Since our Editor has been criticizing the Complaint against Dr. Gordon H. Clark of the Orthodox Presbyterian Church we thought it might be interesting to inform our readers concerning both Dr. Clark and the disposal of the case.

In 1936 Dr. Clark was invited to become Visiting Professor of Philosophy at Wheaton College. At that time Dr. Clark was a member and ruling elder of the Redeemer Orthodox Presbyterian Church, Philadelphia. After a year’s probation at Wheaton College, Dr. Clark was elected Associate Professor of Philosophy and made a permanent member of the faculty. In June, 1942, a committee of the Board of Trustees of Wheaton was appointed to investigate certain questions which had arisen regarding Dr. Clark’s teaching. This committee later reported its findings and came with several recommendations which were adopted by the Board. Conditions were laid down which attempted to bind and limit Dr. Clark in his teaching. To these Dr. Clark replied: “On the ground of religious and moral convictions. . . .I am unable to comply with the requirements recently enacted by the Trustees, and I hereby present my resignation from the Faculty of Wheaton College”. (Those interested may find a complete discussion of the case in the Presbyterian Guardian: March 25 and April 25, issues of 1943).

Subsequently, Dr. Clark applied to the Presbytery of Philadelphia of the Orthodox Presbyterian Church, to be examined with a view to ordination. At a special meeting of the Presbytery (comparable to our Oasis is) in July, 1944, Dr. Clark was licensed and in August of that same year was ordained to the ministry. At that time Dr. Clark planned to teach at the Reformed Episcopal Seminary in Philadelphia for one year. At present, to the best of our knowledge, he is teaching in Butler University.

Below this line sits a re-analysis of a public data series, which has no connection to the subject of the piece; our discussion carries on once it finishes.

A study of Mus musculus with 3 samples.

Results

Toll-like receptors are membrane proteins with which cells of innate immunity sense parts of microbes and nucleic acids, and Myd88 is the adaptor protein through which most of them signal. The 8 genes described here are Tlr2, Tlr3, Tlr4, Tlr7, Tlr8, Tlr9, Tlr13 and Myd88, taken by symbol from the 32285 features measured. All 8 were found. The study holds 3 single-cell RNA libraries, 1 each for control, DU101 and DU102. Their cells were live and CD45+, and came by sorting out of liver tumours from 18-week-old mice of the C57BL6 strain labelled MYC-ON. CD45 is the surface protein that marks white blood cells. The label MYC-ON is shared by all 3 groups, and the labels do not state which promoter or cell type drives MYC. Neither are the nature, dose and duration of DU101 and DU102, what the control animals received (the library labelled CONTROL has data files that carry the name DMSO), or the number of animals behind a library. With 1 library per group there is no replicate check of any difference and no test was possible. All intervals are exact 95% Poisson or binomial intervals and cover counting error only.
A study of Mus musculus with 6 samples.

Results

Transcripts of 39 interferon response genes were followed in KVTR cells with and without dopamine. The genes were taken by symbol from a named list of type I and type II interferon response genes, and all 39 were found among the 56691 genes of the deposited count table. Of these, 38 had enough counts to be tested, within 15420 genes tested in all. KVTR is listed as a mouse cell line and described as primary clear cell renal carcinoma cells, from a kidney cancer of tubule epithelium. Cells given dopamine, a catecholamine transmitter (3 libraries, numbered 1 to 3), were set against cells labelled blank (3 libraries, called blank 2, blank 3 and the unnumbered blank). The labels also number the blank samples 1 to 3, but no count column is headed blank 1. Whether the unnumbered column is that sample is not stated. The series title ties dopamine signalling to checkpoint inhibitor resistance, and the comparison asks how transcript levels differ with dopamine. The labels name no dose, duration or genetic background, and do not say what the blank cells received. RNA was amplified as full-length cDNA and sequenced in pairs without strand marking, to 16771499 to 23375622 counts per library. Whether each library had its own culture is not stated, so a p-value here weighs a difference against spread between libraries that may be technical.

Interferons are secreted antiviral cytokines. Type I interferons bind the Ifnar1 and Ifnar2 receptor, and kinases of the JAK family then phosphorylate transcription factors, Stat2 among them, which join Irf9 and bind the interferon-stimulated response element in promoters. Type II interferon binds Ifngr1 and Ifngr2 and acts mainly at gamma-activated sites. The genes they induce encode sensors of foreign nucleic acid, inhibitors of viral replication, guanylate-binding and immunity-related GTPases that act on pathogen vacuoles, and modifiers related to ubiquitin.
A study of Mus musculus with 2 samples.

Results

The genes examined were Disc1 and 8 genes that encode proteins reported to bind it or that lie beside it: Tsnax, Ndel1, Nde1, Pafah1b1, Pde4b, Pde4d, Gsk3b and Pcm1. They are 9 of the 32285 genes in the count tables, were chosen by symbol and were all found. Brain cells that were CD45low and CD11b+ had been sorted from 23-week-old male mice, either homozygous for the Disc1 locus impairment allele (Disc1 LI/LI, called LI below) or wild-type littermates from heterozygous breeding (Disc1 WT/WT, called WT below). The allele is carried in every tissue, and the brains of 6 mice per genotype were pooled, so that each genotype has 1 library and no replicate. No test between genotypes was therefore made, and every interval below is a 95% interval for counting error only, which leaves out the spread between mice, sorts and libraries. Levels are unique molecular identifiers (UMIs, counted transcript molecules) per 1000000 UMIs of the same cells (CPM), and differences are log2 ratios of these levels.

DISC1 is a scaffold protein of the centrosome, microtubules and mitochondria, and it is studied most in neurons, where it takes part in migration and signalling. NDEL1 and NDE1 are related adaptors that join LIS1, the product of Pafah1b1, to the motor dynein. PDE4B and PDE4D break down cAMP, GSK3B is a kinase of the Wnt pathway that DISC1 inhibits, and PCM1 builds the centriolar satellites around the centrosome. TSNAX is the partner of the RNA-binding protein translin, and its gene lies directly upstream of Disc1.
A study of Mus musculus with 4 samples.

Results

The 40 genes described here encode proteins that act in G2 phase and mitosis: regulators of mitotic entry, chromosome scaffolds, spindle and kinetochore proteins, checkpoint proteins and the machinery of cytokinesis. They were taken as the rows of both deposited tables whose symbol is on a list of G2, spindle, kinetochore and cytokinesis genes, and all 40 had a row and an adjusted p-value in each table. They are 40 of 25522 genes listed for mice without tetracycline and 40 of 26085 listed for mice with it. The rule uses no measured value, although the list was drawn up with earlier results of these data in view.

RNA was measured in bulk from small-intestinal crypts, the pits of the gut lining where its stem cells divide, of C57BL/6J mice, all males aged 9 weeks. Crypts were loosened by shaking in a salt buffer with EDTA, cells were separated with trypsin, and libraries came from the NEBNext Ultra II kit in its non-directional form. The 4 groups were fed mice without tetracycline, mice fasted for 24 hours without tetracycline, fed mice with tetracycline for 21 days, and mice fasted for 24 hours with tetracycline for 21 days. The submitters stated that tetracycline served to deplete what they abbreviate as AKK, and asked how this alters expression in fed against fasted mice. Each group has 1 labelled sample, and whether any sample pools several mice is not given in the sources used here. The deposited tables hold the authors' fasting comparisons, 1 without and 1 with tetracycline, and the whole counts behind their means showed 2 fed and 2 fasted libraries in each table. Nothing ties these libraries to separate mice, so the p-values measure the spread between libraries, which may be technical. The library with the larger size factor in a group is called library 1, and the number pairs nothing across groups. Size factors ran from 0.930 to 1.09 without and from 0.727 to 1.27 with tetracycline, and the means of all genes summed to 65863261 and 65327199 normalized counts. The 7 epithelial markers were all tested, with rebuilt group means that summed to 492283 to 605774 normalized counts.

Against this action of ordaining Dr. Clark, 13 members of the Presbytery of Philadelphia brought the complaint being discussed by our Editor. This complaint was first treated at the regular meeting of the Presbytery in March, 1945. The result was, as stated by the Presbyterian Guardian: “The presbytery clearly demonstrated to the complainants that even their mildest request would be refused and that there was, in effect, no use in making further attempts to gain recognition for their position.” This was evident from the final action of the Presbytery. A motion “That the presbytery acknowledge that various views of Dr. Clark as set forth in the meeting of July 7, 1944, are in error and that therefore the decision to sustain his theological examination, the decision to waive two years of study in a theological seminary, the decision to proceed to license Dr. Clark and the action of licensing him, the decision to deem the examination for licensure sufficient for ordination and the decision to ordain Dr. Clark were in error” was defeated by a roll call vote of 16 to 20. Actually, therefore, the Presbytery upheld and approved all the actions set forth in this motion. The complainants, thereupon, appealed their case to the General Assembly. (Comparable to our Synod).

The General Assembly met in June, 1945, and spent a great deal of its time on the Dr. Clark case. You will recall, from the discussion by our Editor, that three main questions were involved. Two of these were of a Church political nature while the last concerned the doctrinal issues. Concerning these the General Assembly made the following decisions: 1. “That the action of the Presbytery of Philadelphia, in denying that its meeting of July 7, 1944, was illegal and its action thus null and void, be sustained.” 2. “That the portion of the complaint which requests the General Assembly to ask the Presbytery of Philadelphia to declare null and void the actions of the meetings of the Presbytery of Philadelphia of July 7, 1944, re Gordon H. Clark, Pm. D., be declared unconstitutional because it seeks in effect to depose or to unfrock a minister of the Church in good and regular standing without filing charges or without due process of a trial.” The third decision was the only concession to the complainants, and even this was limited for it makes no mention of Dr. Clark. It was decided that “a committee of five, none of whom are members of the Presbytery of Philadelphia, be elected by this assembly to study the doctrinal parts of the complaint. . . .and report to the Thirteenth General Assembly.” We look forward with interest to the Committee’s report; especially in view of the thorough and exhaustive criticism of the complaint by the Editor of the Standard Bearer. Watch for it—you may find evidence of—“The Standard Bearer as a Witness”!